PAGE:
As the Olympics are about to get underway with the opening ceremony on Friday night, it's worth remembering how much they've changed. The first modern Olympic Games — which started 120 years ago —included something more commonly associated with entitled children than ancient Greeks: a participation trophy. All 250 participants went home with a bronze medal.
That's not the only way the first modern Olympics, which revived a 1,500-year-old ancient Greek tradition, differed from today's glitzy, highly produced, occasionally corruption-soaked spectacle.
Although the first modern Olympics were unrecognizable in many ways — there were no women, no national teams, and only nine sporting events — the story of the runup to the first modern Olympics sounds awfully familiar: The host country was in political turmoil, and hosting the event turned out to be much, much more expensive than anyone had anticipated.
And just like today, some of the athletes had some incredible stories.
American athletes dominated the competition
In 1896, the American participants were a thrown-together group. There were no trials, very little time to prepare, and a team chosen based on, essentially, who could afford to get there.
The first American Olympians were 14 men, mostly from the Boston area and from Princeton. The mother of one of the Princeton athletes paid for their travel. Two athletes had to drop out of Harvard in order to compete, because they weren't given permission to miss class in order for the Olympics.
But the Americans ended up dominating the competition, winning 11 first-place honors — which were silver medals, because gold medals wouldn't be given out for another eight years. The Greeks had the second most victories.
Athletes competed in 43 events in nine sports: swimming, gymnastics, track, cycling, wrestling, weightlifting, fencing, shooting, and tennis
Robert Garrett, who won the discus event, had never used a real discus until he started participating in the competition. He'd had a blacksmith make him a practice version based on ancient Greek records; it turned out to be a foot wide and 30 pounds in weight, making it impossible to throw and more than 25 pounds heavier than the real thing.
Garrett didn't find out what a discus really was until he got to Greece and saw the 8-inch, 4.4-pound discs the Greek athletes were practicing with. But he entered the competition anyway, and stunned the spectators and the other athletes — all of them Greek — by winning. Thomas Custis, one of the American athletes, described the win in 1924 in the Massachusetts Institute of Technology's Technology Review:
His first two attempts… were laughable, as the discus, instead of sailing parallel to the ground, turned over and over and narrowly missed hitting some of the audience. Both foreigners and Americans laughed at his efforts, he, himself, joining in the general merriment.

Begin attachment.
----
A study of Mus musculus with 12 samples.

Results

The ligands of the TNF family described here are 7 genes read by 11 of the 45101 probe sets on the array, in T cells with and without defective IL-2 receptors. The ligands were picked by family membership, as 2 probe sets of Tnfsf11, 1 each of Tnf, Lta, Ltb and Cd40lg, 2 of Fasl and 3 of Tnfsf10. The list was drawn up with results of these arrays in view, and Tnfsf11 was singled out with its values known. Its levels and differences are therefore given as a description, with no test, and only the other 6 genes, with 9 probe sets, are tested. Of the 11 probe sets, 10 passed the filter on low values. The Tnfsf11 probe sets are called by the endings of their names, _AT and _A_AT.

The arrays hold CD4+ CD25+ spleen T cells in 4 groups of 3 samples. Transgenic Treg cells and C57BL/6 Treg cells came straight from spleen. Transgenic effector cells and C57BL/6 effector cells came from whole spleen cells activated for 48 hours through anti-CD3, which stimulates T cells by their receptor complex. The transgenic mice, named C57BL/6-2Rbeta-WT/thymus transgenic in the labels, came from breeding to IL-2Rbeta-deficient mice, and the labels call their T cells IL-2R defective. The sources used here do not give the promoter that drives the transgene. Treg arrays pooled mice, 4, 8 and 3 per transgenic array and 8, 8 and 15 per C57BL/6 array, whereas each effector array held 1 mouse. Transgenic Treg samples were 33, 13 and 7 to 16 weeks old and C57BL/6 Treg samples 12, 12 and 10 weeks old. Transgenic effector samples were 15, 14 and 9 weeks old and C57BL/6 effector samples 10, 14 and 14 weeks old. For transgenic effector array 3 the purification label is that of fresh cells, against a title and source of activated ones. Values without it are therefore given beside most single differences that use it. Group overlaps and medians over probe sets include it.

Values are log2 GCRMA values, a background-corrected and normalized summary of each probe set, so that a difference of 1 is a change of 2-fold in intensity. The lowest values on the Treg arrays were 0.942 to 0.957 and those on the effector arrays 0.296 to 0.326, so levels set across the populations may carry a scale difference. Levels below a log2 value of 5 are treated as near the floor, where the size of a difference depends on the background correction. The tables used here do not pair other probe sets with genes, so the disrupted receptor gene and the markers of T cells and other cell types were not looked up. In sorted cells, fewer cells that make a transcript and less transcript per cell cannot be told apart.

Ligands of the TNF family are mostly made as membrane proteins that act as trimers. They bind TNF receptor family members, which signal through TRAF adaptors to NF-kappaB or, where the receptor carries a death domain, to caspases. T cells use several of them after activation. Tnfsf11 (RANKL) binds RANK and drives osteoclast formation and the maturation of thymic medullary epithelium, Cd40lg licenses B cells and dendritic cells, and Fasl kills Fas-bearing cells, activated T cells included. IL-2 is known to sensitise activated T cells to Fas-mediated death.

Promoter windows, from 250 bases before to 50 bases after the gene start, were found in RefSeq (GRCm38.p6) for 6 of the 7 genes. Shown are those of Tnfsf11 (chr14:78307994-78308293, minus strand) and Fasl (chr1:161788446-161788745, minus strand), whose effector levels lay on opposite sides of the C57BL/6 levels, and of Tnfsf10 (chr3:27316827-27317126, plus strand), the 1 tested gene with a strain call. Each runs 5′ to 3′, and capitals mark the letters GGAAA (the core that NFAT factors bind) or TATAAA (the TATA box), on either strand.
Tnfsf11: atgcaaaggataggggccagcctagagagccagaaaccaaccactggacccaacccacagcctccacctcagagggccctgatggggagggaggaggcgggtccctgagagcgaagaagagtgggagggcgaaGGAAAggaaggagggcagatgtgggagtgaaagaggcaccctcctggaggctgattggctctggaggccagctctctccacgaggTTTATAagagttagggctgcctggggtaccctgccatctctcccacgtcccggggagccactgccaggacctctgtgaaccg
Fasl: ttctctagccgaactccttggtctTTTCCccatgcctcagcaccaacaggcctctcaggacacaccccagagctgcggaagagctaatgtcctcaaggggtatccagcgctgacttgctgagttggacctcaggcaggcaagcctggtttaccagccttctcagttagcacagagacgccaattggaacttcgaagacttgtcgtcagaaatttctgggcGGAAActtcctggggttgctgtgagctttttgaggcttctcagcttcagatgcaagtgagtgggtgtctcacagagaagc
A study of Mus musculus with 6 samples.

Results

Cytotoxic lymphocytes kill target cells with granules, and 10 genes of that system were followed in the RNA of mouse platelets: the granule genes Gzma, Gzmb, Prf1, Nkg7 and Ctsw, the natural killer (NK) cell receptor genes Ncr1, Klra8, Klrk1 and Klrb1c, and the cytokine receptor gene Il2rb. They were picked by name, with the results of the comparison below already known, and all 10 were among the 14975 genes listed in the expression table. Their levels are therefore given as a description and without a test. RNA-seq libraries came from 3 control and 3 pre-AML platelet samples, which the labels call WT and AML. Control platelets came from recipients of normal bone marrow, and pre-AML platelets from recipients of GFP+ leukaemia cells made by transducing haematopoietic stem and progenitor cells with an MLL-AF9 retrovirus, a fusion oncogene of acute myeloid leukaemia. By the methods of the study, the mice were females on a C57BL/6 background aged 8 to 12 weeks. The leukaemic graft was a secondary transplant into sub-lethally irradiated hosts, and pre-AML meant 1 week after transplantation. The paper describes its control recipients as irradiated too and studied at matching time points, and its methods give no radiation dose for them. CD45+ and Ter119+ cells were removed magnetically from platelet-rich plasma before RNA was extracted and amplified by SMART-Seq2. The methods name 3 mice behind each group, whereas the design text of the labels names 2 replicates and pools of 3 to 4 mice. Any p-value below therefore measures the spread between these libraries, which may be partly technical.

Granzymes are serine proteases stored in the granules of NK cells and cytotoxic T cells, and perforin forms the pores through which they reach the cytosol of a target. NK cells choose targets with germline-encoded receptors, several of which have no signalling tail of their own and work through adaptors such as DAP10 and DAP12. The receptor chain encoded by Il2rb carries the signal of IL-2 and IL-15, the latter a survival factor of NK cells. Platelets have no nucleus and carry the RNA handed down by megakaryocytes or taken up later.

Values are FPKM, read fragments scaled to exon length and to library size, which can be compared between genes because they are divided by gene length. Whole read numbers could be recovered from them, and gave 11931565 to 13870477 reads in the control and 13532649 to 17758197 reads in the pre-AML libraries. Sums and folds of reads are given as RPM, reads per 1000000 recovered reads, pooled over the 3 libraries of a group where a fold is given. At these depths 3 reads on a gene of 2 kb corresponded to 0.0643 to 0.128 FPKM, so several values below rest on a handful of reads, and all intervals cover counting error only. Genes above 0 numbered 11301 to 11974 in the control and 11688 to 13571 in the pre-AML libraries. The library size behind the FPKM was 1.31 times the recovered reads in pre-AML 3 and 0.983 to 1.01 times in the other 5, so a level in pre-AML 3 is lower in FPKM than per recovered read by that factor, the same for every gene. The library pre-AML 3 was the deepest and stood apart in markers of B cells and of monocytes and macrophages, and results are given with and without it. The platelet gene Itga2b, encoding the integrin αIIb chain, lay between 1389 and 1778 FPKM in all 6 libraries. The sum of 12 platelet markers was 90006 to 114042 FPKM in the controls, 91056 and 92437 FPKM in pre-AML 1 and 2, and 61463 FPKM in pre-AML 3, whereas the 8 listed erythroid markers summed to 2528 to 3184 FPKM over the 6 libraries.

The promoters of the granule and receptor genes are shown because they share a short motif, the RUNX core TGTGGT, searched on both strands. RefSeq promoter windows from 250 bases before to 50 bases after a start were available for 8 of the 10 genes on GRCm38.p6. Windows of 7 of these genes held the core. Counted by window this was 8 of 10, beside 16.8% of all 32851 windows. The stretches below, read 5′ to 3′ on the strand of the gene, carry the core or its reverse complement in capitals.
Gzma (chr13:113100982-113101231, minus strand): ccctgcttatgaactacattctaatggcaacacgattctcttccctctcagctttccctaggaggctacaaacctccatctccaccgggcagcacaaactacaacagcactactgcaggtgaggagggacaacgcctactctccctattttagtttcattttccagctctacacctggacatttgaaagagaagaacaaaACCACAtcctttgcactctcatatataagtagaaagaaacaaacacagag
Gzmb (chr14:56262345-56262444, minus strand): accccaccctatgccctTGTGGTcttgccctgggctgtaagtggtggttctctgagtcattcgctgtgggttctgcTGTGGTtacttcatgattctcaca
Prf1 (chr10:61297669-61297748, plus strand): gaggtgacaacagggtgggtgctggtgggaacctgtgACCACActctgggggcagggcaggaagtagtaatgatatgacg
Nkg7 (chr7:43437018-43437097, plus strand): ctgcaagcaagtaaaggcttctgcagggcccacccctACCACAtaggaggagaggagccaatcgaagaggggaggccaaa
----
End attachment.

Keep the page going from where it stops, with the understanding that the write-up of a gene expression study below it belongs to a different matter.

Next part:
"On his third and last throw, however, he succeeded in getting the discus away perfectly and, to the chagrin of the Greek champion who had made three perfect throws in the most graceful manner possible, it was found that Garrett's throw exceeded by some two feet the best throw of any other man. I think no one was more surprised than Robert Garrett himself.
The 1896 Olympics also featured the first modern marathon
But the Greeks got their own dramatic moment at the marathon, an event created for the 1896 Olympics (although distances weren't as precise). According to Custis, 30 athletes started but only seven finished — and the winner, in two hours and 58 minutes, was a Greek water carrier named Spyridon "Spyros" Louis:
All contests then in progress were temporarily stopped to await the arrival of the winner. In the course of a few minutes a tremendous cheering was heard outside the gate of the Stadium, and a man in the dress of a Greek peasant ran up the steps and onto the track, making his way towards the King's throne, in front of which had been placed the finish line. His appearance showed the tremendous effort that he had made, and the fearful ordeal he had undergone. He was covered with dust and grime, the sandals that he wore on his feet were in rags, and his drawn face showed the strain he had suffered. His name was "Loues"" and he was a Greek donkey driver from the little town of Marousi.
As soon as the people were able to recognize him, the cheering and clapping of hands that broke forth was deafening. Hundreds of pigeons which had been kept concealed until then were set free, with Greek flags tied to their feet, hats were thrown in the air, the Crown Prince walked onto the track and congratulated Loues, and all the pent up enthusiasm that the Greeks had been saving up during the past six months for this very event, broke loose with a vengeance.
Louis became a national hero and will soon be featured on a Greek €2 coin — an even bigger deal than the honor for most modern Olympic champions, a Wheaties box.